Barranco, gateway to the Sarstoon-Temash National Park and the southernmost village in Belize, is a tiny traditional Garifuna village of around 150 residents and gives a great introduction to this fascinating culture.
The Garifuna (around 500,000 worldwide, with the largest population found in Honduras) are descendants of Carib Indians and shipwrecked Africans destined for slavery who escaped and swam to the shores of St Vincent. In 1798 the British exiled the Garifuna to the Bay Island of Roatan, from where they migrated to mainland Honduras, and then established coastal settlements in Belize, Guatemala and Nicaragua.
The Garifuna - or, more correctly, the Garinagu (Garifuna is singular and also refers to the language) - still retain many customs and traditions, a religion which is a blend of Catholicism, African and Carib beliefs.
Barranco is around an hour's drive from Punta Gorda, turning off the Southern Highway at Jacintoville, and following the road through the Maya villages of San Felipe and Santa Ana, through Midway, and down to Barranco on the coast. On reaching the village, park your vehicle, and head right along the grassy track to Tregueno's Store - the hub of the village, and a good place to organise a guided tour by Alvin Loredo or Egbert Valencio. A village tour takes in the traditional Garifuna Temple, or Dabuyaba, where traditional ceremonies are performed by the Buyei, the House of Culture, the cassava factory, and Andy Palacio's grave. Tours are generally US$3.75 per person per hour, with tours lasting around 2 hours.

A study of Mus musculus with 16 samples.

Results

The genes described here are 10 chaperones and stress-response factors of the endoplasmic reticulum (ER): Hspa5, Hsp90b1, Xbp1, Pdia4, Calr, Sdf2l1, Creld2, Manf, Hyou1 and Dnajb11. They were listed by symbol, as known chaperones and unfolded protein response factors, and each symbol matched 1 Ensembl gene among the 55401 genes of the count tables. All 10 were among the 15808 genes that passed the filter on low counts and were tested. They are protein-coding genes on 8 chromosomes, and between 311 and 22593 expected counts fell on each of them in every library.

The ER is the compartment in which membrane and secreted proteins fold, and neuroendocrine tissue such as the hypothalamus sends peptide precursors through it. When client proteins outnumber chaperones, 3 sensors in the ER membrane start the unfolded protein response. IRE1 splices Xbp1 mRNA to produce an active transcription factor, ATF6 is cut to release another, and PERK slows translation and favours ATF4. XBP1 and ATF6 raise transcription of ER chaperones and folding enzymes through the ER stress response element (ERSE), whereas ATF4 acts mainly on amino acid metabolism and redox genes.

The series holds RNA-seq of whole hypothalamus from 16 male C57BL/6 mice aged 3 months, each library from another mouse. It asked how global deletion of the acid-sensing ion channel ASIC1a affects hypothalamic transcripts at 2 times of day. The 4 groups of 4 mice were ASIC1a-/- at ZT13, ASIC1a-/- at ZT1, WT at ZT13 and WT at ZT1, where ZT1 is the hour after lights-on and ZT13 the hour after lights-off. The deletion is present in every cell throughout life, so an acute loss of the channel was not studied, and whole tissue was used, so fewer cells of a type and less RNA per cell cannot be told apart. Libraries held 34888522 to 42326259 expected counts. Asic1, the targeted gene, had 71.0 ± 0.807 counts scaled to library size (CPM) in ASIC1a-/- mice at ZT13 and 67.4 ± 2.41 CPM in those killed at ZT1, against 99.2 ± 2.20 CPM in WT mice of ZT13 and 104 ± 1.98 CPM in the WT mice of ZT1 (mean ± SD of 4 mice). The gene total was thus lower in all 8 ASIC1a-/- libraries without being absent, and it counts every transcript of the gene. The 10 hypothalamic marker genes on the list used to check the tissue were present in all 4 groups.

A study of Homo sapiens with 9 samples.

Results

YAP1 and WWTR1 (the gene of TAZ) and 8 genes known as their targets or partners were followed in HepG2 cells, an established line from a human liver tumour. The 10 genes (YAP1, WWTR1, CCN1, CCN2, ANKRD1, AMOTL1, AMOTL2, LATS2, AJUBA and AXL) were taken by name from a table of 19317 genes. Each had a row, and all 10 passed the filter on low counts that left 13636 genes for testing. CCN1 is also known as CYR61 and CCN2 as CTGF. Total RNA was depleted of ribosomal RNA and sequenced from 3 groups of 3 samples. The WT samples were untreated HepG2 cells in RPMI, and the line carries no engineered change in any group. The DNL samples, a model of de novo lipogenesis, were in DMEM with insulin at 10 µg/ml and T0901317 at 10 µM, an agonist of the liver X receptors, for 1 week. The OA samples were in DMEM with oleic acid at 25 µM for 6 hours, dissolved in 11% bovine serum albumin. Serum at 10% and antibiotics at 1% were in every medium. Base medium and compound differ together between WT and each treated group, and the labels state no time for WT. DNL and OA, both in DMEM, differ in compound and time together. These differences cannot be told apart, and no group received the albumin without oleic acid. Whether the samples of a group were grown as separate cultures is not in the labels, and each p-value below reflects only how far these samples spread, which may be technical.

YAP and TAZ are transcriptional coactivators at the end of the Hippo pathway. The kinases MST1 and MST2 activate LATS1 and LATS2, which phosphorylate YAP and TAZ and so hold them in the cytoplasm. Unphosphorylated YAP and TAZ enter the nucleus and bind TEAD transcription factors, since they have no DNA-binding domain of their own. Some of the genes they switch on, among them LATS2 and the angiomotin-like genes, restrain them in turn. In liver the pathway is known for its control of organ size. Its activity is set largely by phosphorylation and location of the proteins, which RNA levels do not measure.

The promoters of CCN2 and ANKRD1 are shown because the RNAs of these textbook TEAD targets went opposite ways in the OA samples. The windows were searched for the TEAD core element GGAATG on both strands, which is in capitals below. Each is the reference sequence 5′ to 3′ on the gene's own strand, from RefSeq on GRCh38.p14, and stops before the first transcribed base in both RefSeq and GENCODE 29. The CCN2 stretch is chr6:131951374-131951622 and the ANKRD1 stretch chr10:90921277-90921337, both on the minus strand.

Egbert is also a Park Ranger for the Sarstoon-Temash National Park, and can arrange for tours of the Park (entrance fee US$5 per person) with advance notice.
visit the National Garifuna Council's website for hoards of information on the Garinagu and their culture
visit the SATIIM website for more information on the Sarstoon-Temash National Park, and click here for a PDF excerpt on the Barranco articles featured in the Toledo Howler. You can read more about Andy Palacio on Wikipedia and their associated links.
You will find many elements of the Garifuna culture at Hickatee, from the traditional mortar and pestle and cassava graters displayed at Charlie's Bar, to the original Ben Nicholas paintings, and the range of Garifuna music played each night at Charlie's Bark.